As Durban ports are working hard to make up for the backlog in citrus exports, Eastern Cape citrus producers are trying to maintain fruit production and exports. Port delays, Covid-19 restrictions and severe drought conditions are just some of the challenges producers face in the Eastern Cape. This region is, of course, responsible for a quarter of South Africa’s total citrus exports.
However, delays at port terminals in Durban are expected be resolved within only a few days, according to CEO of the Citrus Growers’ Association of Southern Africa (Cgasa), Justin Chadwick: “The widespread violence in KwaZulu-Natal did not reach any of our farms or pack houses, and since the N3 and ports in Durban have reopened we have been able to move the fruit waiting in our cold stores. Port staff are working around the clock and the backlog will soon be eliminated.”
Besides the impact the recent violence and Covid-19 have had on global shipping, some experts claim that climate remained the biggest challenge. The drought, punctuated by recent spells of extreme cold, is a much greater cause for concern than export delays. Dam levels in Nelson Mandela Bay were at a combined 9.98% on Wednesday with the Kouga Dam at 3.91%, Churchill at 12.97%, Impofu at 14.3% and Groendal at 23.24%.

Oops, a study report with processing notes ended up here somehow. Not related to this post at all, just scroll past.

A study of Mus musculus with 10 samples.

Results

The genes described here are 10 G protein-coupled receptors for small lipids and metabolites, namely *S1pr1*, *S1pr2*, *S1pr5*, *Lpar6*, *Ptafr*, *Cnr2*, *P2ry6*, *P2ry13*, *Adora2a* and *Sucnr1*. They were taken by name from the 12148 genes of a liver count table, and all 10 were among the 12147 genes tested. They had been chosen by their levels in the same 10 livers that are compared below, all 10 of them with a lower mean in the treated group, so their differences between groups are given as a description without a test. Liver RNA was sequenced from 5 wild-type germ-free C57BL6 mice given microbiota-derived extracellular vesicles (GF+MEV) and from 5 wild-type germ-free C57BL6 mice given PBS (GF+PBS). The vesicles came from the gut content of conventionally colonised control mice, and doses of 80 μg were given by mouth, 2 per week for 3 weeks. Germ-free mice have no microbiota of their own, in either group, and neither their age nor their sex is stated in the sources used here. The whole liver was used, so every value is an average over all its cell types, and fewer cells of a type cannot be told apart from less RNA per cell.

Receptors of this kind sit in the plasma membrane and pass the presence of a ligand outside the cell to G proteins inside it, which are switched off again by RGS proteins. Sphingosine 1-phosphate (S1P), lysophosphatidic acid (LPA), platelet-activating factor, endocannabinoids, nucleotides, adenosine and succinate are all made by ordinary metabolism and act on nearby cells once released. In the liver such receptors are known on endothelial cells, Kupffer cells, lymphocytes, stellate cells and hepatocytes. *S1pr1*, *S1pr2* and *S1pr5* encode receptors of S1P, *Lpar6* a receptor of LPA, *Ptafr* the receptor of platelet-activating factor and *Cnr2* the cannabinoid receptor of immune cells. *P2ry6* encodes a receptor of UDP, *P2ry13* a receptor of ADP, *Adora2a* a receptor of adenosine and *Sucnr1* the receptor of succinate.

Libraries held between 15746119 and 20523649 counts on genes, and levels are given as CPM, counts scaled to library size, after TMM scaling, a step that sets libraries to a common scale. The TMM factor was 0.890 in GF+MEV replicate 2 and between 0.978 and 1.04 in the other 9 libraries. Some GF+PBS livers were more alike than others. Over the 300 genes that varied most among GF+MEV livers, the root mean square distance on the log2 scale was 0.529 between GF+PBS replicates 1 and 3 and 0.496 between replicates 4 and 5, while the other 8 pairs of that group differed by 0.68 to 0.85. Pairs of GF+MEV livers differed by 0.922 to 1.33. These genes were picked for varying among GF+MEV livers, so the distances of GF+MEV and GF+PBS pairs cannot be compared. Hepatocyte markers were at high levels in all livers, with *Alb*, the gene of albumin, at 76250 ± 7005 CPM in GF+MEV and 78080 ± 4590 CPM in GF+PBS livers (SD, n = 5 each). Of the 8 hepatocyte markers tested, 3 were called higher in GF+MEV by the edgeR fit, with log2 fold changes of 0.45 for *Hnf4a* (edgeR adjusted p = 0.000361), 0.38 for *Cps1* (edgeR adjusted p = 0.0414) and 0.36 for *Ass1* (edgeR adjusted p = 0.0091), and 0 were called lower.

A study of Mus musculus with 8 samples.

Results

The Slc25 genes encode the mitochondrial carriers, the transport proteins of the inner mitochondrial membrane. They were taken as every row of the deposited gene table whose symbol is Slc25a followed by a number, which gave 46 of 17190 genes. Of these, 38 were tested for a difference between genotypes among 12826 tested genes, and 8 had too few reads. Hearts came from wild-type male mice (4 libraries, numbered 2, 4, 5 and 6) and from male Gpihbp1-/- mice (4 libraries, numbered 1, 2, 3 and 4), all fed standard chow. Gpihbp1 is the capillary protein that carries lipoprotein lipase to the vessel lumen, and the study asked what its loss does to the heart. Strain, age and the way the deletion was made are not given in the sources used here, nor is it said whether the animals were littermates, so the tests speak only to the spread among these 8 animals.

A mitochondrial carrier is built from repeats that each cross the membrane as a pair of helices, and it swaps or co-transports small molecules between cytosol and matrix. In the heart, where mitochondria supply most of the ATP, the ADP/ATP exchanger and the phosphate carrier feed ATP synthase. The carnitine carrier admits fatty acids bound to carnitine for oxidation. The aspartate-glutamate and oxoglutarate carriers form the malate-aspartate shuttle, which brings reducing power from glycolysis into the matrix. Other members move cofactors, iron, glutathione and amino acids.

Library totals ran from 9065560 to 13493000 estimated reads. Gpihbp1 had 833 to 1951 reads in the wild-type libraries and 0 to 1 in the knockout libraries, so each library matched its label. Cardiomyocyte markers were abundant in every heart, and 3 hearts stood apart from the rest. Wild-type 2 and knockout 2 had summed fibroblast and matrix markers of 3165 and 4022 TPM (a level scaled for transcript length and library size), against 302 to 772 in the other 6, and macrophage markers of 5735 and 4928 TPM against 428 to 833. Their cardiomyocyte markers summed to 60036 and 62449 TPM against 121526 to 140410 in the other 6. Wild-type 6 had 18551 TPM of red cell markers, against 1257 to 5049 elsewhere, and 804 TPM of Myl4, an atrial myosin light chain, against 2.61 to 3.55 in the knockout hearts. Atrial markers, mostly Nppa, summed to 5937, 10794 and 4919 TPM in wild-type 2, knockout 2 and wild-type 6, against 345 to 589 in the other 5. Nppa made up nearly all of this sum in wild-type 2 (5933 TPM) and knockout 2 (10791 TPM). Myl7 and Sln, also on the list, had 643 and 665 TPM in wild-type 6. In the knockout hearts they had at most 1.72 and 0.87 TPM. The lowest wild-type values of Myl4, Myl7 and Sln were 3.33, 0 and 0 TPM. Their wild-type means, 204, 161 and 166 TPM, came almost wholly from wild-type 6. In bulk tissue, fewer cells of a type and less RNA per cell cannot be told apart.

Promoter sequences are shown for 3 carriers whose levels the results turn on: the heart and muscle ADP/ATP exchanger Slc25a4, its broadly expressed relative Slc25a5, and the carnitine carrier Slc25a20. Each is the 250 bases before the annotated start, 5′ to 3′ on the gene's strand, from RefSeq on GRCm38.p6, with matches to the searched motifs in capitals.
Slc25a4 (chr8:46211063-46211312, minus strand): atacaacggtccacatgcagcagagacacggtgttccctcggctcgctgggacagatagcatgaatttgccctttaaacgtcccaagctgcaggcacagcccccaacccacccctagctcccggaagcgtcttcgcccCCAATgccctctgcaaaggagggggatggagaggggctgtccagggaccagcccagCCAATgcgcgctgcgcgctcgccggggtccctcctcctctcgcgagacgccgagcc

Despite the region’s troubles, national citrus production could be looking at a record harvest in 2021. To date 62-million cartons of citrus, each containing 15kg, have been exported, while 86-million cartons have been packed. At the current trajectory, cartons exported by the end of 2021 will likely surpass the 150-million in 2020.